When Trump’s defense counsel tried to blame Democrats for their own inability to explain Trump’s behavior during the insurrection, Rep. Jamie Raskin shot back: Then why isn't your client testifying?
The comments arose from a question from Republican Sen. Bill Cassidy for both sides: “Even after Sen. Tuberville says he told Trump at 2:15p that Mike Pence had been evacuated, Trump tweeted that Pence lacked courage. Does this show Trump was tolerant of the intimidation of Pence?”
Trump’s lawyer, Michael Van Der Veen, responded first, saying, “We are not going to know the answer to those facts in this proceeding because the House did nothing to investigate what went on.” He later said he had “a problem with the facts in the question because I have no idea and nobody from the House has given any opportunity to have any idea.”
Raskin ripped him several good ones, most notably by pointing out that Van Der Veen’s own client could easily answer the question, but has refused to.
RASKIN: Counsel said before, “This has been my worst experience in Washington,” and for that I guess we're sorry, but man, you should have been here on January 6th.
So, the counsel for the president keep blaming the House for not having the evidence that's within the sole possession of their client who we invited to come and testify last week. We sent a letter on February 4th. I sent it directly to President Trump, inviting him to come and to explain and fill in the gaps of what we know about what happened there. And they sent back a contemptuous response just a few hours later. I think they maybe even responded more quickly to my letter than President Trump did as a commander in chief to the invasion and the storming of the Capitol of the United States.
But in that letter, I said, you know, if you decline this invitation, we reserve all rights, including the right to establish at trial that your refusal to testify supports a strong adverse inference. What's that? Well, Justice Scalia was the great champion of it. If you don't testify in a criminal case, it can't be used against you, everybody knows that. That’s the Fifth Amendment privilege against self-incrimination. But if it's a civil case and you plead the Fifth or you don't show up, then according to Justice Scalia and the rest of the Supreme Court, you can interpret every disputed fact against the defendant. That is totally available to us.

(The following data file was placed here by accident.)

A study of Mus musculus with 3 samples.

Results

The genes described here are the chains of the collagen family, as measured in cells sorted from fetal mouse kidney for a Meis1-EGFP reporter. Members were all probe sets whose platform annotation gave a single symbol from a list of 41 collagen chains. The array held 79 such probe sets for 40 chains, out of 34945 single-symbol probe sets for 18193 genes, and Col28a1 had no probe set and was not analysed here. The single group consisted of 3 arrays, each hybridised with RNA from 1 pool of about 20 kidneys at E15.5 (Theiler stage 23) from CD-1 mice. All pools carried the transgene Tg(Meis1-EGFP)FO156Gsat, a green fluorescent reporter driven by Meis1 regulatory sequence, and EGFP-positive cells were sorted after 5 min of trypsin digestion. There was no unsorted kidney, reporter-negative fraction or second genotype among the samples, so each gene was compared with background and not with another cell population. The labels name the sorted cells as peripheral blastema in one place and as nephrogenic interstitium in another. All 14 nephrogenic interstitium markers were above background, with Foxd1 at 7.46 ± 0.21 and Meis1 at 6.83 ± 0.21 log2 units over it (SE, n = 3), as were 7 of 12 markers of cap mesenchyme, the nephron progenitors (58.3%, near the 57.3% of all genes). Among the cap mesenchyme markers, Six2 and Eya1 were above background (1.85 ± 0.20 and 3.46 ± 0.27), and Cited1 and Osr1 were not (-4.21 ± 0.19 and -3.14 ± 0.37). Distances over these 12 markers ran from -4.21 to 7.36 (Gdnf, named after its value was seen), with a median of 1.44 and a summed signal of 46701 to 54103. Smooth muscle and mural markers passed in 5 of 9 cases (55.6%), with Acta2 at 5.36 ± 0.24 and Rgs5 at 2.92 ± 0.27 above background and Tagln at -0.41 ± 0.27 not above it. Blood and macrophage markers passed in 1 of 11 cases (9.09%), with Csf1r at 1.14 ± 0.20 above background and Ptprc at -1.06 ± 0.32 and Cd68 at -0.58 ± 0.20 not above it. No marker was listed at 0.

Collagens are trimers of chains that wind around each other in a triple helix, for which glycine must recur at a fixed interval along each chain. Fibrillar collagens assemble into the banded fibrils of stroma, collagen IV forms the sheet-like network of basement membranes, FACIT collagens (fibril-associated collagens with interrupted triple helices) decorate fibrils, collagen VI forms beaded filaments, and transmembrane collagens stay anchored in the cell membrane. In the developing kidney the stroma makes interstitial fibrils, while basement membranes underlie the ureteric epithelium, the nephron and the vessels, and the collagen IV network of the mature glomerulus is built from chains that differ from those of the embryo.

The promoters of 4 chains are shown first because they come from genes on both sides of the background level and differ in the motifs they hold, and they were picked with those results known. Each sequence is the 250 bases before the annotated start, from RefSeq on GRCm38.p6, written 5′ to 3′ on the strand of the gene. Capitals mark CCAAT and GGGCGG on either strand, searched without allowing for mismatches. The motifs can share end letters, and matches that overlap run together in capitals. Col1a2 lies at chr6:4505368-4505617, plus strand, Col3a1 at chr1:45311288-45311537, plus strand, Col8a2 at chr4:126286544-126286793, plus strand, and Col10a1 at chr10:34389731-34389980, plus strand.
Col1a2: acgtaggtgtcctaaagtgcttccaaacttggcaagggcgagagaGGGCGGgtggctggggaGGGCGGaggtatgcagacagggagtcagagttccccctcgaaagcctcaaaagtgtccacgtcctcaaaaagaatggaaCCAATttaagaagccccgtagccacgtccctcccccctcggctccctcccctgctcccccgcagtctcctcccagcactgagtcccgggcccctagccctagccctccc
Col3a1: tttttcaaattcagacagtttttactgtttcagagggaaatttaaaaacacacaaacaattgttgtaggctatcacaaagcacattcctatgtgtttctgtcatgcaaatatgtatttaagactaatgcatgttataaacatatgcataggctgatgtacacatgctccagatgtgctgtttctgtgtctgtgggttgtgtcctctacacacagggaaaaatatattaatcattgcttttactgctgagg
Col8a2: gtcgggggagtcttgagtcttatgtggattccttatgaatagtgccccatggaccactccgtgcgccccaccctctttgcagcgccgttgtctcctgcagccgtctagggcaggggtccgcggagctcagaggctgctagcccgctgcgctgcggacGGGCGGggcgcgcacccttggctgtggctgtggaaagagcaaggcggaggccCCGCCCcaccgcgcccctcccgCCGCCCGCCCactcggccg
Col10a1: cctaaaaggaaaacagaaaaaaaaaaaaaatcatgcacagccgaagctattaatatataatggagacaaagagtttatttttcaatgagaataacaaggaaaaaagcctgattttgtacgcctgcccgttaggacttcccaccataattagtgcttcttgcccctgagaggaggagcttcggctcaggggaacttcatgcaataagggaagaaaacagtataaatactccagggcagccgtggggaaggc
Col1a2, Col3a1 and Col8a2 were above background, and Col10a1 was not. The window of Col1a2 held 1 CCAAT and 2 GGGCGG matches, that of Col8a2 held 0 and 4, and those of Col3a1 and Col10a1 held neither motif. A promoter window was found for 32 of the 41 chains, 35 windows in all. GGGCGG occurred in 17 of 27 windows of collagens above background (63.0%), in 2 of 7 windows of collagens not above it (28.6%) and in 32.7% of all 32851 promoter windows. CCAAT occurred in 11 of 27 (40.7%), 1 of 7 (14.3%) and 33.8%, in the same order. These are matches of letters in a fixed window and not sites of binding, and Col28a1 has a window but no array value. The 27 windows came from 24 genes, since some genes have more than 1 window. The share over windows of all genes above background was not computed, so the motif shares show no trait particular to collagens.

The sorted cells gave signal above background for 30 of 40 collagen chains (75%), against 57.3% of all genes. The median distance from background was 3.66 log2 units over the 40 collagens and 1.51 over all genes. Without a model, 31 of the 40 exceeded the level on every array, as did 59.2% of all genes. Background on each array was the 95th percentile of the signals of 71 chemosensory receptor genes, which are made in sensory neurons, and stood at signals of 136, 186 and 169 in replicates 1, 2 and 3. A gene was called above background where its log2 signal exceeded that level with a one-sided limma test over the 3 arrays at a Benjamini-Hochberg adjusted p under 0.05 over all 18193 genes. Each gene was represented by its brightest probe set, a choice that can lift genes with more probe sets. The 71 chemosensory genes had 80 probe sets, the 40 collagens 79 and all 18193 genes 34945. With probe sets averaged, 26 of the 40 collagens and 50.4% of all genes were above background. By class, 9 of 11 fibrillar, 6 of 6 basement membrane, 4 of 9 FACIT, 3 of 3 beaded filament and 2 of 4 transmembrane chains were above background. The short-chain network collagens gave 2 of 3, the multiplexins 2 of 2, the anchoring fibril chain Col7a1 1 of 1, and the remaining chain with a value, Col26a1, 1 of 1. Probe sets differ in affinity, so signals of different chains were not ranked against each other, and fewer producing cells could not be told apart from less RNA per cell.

So, for example, if we say the president was missing in action for several hours and he was derelict in his duty and he deserted his duty as commander in chief and we say that as inciter in chief, he didn't call off the dogs and they say, no, he was really doing whatever he can - if you're puzzled about that, you can resolve that dispute, factual dispute, against the defendant who refuses to come to a civil proceeding. He will not spend one day in jail if you convict him. This is not a criminal proceeding. this is about preserving the republic, dear Senate, that's what this is about, setting standards of conduct for the president of the United States so this never happens to us again.
So, rather than yelling at us and screaming about how we didn't have time to get all of the facts about what your client did, bring your client up here and have him testify under oath about why he was sending out tweets denouncing the vice president of the United States while the vice president was being hunted down by a mob that wanted to hang him and was chanting, in this building, “hang Mike Pence, hang Mike Pence, traitor, traitor, traitor.”